Often the term “registered charity” is used interchangeably with “not-for-profit organizations” (NPOs).

Both terms fall under the larger description of the voluntary, not-for-profit, or community benefit sector. However, while both organizations operate on a not-for-profit basis, they are defined differently under the Income Tax Act (ITA). If an organization meets the definition of a “charity”, it cannot be considered a not-for-profit organization under the ITA, even if the organization is not registered or cannot be registered as a charity.

To determine which status – registered charity or NPO – is best suited for an organization, the organization should identify its mission, goals, activities, sustainability, and future plans.


Registered charities are established and operate exclusively for charitable purposes.

These purposes could be to relieve poverty, advance education, or to contribute to the greater good of a respective community.

Examples of registered charities include:

  • Food banks
  • Soup kitchens
  • Colleges and universities
  • Places of worship
  • Libraries
  • Animal shelters

An organization must apply to the Canada Revenue Agency (CRA) to be approved as a registered charity. Then, the CRA will designate a registered charity as a charitable organization, public foundation, or private foundation. A registered charity has the ability to issue official donation receipts for income tax purposes, and also has the obligation to spend a minimum amount on its own charitable activities or as gifts to qualified donees. In terms of tax obligation, a charity is exempt from paying income taxes, but must file an annual information return (form T3010) within six months of its fiscal period end.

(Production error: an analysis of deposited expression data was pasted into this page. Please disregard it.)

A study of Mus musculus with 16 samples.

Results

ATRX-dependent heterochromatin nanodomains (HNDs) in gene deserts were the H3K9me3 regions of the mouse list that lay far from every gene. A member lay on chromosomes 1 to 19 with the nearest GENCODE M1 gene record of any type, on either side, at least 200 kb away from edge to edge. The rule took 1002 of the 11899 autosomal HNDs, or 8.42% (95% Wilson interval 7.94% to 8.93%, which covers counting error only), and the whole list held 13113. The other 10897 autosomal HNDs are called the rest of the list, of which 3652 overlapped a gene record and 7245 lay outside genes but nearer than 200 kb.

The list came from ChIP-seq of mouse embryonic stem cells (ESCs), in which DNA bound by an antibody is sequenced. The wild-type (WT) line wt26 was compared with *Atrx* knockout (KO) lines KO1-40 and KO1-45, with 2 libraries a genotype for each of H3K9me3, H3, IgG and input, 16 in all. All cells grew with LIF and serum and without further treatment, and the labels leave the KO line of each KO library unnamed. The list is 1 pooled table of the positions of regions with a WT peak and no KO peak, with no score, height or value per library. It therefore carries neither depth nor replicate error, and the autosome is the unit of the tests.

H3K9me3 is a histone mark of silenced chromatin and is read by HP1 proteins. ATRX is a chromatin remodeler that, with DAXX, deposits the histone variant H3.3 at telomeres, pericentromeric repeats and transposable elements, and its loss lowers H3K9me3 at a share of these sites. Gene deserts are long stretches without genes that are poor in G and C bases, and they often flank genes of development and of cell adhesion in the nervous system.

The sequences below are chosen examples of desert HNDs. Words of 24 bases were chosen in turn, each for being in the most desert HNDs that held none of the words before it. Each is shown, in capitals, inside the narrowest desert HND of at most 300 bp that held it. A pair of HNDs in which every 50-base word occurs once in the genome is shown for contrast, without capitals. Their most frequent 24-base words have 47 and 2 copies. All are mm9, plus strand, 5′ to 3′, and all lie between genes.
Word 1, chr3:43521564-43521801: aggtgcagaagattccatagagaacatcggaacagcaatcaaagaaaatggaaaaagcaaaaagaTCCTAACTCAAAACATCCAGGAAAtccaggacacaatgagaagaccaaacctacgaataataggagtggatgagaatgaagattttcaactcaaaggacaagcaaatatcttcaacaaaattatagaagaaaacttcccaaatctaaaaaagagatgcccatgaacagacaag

On the contrary, an NPO is established and can operate for any purpose except for exclusive charitable purposes or for profit. An NPO can operate for social welfare, civic movement, pleasure, sport, recreation, or any other non-profit purpose.

Examples of NPOs include:

  • Golf or curling clubs
  • Hockey associations
  • Baseball leagues
  • Parades
  • Seasonal celebrations

An NPO does not have to apply for registration, and therefore cannot issue official donation receipts. In terms of tax obligation, an NPO is generally exempt from paying income tax, but may be taxable on property income or on capital gains. It may have to file a Corporation Information Return (T2) if incorporated, and/or an NPO Information Return (T1044) within six months of its fiscal period end.